The virus has been designated a breakthrough therapy in Japan.
An interim analysis of a trial of the oncolytic herpes virus G47∆ has shown a 1-year survival rate of 92.3% in 13 patients. This was significantly higher than 15%, the preset control value based on meta-analysis of historical data.
This outcome of the phase II trial was reported at the 24th the Society for Neuro-Oncology, #SNO2019, from November 22 – 24, 2019. The study of G47∆ was performed at the University of Tokyo, Japan.
How was the treatment given?
The researchers administered of G47∆ into the tumors of patients with recurrent or residual glioblastoma, every 4 weeks, for the maximum six times.
In most patients, G47∆ was given in addition to maintenance chemotherapy using Temozolomide, Temodar.
The primary endpoint of the study was the rate of 1-year survival and it was achieved big time!
The injections were well tolerated.
Why was the study stopped?
Statistical significance was above the criteria of early termination, so the trial was terminated early and considered the pivotal study for the new drug application.
G47∆ has proven safe even when injected repeatedly, six times into the brain. Two patients experienced severe fever related to G47∆.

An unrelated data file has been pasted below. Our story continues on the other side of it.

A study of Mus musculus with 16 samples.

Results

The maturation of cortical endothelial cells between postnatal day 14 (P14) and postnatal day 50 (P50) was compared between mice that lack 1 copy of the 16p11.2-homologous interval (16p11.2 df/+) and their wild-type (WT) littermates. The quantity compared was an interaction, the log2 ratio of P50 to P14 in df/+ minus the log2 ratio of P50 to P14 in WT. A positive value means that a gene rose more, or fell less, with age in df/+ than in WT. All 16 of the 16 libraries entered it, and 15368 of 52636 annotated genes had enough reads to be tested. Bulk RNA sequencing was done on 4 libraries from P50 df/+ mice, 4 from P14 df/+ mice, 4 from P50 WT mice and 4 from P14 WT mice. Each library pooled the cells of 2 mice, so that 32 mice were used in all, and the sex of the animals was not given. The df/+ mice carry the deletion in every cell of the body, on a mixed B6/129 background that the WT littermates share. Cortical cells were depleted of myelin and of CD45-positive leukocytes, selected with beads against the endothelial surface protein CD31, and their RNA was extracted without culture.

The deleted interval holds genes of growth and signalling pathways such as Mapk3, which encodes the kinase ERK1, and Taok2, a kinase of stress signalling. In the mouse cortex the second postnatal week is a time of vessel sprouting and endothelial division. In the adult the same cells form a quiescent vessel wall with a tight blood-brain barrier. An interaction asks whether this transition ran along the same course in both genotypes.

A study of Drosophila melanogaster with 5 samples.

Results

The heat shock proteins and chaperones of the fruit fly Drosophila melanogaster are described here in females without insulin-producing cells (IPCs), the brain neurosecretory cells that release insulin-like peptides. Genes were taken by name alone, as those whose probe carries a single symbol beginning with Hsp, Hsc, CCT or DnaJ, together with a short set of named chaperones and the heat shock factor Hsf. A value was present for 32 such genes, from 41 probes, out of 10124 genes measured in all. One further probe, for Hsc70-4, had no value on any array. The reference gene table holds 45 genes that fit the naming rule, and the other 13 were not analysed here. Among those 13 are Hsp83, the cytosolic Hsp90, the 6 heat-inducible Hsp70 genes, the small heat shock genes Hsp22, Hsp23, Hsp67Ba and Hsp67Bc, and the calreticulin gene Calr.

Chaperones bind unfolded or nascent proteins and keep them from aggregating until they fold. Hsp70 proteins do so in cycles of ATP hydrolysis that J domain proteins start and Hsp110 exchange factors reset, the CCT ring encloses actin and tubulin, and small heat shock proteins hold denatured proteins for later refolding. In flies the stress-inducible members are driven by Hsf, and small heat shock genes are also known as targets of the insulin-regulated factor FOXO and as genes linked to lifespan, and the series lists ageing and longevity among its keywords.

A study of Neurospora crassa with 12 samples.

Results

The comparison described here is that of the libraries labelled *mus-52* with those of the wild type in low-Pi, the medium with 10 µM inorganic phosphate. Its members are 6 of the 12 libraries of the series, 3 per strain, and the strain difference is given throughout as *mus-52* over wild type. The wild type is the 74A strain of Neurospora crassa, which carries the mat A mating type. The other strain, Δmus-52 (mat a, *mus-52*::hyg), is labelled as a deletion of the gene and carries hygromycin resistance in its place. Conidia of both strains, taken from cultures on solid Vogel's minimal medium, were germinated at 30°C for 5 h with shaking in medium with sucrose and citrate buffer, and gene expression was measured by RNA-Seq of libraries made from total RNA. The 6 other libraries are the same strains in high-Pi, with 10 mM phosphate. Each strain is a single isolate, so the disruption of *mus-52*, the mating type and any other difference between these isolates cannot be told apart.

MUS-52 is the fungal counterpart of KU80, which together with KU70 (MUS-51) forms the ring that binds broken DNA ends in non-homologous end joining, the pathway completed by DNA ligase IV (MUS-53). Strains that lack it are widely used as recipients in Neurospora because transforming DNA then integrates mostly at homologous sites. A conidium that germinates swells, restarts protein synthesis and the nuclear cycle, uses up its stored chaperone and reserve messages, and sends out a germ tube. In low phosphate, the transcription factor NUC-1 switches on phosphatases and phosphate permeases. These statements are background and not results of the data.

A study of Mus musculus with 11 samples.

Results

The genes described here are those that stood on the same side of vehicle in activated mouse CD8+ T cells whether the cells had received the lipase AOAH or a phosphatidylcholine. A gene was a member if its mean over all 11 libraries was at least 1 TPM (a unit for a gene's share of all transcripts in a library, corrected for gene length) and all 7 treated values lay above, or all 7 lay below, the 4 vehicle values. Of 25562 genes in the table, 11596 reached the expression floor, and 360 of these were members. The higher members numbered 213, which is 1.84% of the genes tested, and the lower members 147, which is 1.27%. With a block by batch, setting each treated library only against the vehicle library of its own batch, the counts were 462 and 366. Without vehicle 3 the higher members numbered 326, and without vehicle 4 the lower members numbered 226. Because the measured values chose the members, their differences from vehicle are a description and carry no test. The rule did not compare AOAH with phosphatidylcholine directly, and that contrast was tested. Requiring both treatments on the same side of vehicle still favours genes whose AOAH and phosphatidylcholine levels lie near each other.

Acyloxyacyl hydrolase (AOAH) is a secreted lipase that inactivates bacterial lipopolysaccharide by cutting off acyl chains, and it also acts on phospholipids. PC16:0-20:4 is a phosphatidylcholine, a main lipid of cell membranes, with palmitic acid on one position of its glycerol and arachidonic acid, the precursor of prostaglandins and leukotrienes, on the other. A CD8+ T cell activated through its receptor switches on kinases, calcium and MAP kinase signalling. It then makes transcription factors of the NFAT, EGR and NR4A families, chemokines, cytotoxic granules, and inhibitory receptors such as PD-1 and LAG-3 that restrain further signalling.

Glioblastoma Multiforme, or GBM, is a type of cancer which originates in the brain and made of brain cells known as “gliomas.”
Gliomas are neuron supporting cells, constituting a part of the nervous system.
Glioblastoma tends to develop into a star shaped formation. They are particularly aggressive tumors with the potential to grow fast and spread to other parts of the brain relatively quickly.
Glioblastoma creates its own independent blood supply which feeds it, promoting its growth and even enabling it to invade additional areas of the brain and establish more foci, hence the name “multiforme.”
GBM is a stage 4 cancer and constitutes about 50% of all brain tumors among patients aged 18 and older. Glioblastoma does not metastasize outside the brain.
The existing standard therapies used for glioblastoma are not curative, and this is a source of the need for innovative and effective treatment strategies in order to fight the disease.
The National Cancer Institute, NCI, highlights the fact that for a certain group of glioblastoma patients, the best treatment option is to join one of the many clinical trials existing worldwide aiming to increase their chances of therapeutic success.